A version of this post originally appeared on February 11, 2023.
In 1822, a free Black man named Denmark Vesey planned a revolt that, if successful, would have liberated enslaved people in Charleston, SC. The book Denmark Vesey's Garden is not about that.
Instead, scholars Ethan J. Kytle and Blain Roberts study the memory of slavery in Charleston and the United States. The book is about history, but more importantly, it's about how we shape and select the stories that we call history.
Normally it's the victors who get to craft the narrative of war and its aftermath, but with the American Civil War*, the losing side got to write that history. And are still getting to: we're seeing right now how the political machine in Florida colluded with the AP Board to defang African American history in high school classrooms.
*aka the War Between the States or, even better, the War of Northern Aggression. The battle to control the narrative of history goes back a long, long way.
For instance: After the war, there was a group called the Society for the Preservation of Spirituals, composed of history buffs who performed the slave songs. This group consisted entirely of white ladies, who believed themselves better able to preserve and interpret negro spirituals than formerly enslaved people or their descendants.
It is not cultural appropriation every time a white person sings a Black song, but this? The ladies of the Society for the Preservation of Spirituals acted like they invented cultural appropriation.
Then there was Miriam B. Wilson, born in 1879 in Ohio and raised to understand that chattel slavery was, you know, morally wrong. Then she moved to Charleston and went native. With the paternalism that characterizes so many white people to the present day, she opened the Old Slave Mart Museum and used it to soften the image of slavery. On viewing an image of an overseer with a whip, she concluded that whips weren't necessarily used on people. And while it is true that some slaves had whip marks on their backs, she reasoned that these might have been tribal tattoos, or perhaps they'd injured themselves to garner sympathy with abolitionists.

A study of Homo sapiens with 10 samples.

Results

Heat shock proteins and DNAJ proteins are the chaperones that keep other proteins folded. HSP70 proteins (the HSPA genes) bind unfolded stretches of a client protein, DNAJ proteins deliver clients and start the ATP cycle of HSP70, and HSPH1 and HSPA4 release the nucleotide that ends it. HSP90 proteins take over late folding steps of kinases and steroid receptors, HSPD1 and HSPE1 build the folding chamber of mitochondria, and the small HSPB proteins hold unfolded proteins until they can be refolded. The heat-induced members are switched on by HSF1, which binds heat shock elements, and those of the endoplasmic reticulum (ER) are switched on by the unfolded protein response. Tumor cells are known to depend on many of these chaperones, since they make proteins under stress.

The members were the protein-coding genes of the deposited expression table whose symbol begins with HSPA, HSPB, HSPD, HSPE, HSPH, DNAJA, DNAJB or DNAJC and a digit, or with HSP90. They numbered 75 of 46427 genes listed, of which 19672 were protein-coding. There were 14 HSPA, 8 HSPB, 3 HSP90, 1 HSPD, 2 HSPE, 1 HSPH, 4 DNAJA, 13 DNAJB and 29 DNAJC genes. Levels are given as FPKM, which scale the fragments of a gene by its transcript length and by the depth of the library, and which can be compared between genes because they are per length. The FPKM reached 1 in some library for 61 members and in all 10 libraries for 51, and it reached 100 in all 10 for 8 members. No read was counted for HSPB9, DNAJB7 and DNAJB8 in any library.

We all know someone--frankly we're all RELATED to someone--who has unfortunate interpretations of political and social reality, but this someone is not running the only museum about slavery in a city that was a major port in the Atlantic slave trade, now are they.
A final example: you may be aware of the Federal Writers Project, part of the Works Progress Administration in the Great Depression. As one part of the FWP, historians interviewed formerly enslaved people to collect their oral histories. The interviewees often spoke highly of their former masters--but of course they did. The interviewers were white. They knew the consequences of telling the truth. But those times when they did feel bold enough to discuss the ugly truth of slavery, the historians assumed they were lying (because Black people are prone to fibbing. It's common knowledge).
I enjoyed the audiobook, narrated by Tom Perkins, and I would like to take pains to observe that the authors and I overlapped at the University of North Carolina, which means we're practically friends.
When Covid first hit, I started doing book talks on social media as a way to keep in touch with people. I never got out of the habit. I don't discuss books by my clients, and if I don't like a book, I won't discuss it at all. While I will sometimes focus on craft or offer gentle critical perspectives, as a matter of professional courtesy, I don't trash writers. Unless they're dead. Then the gloves come off.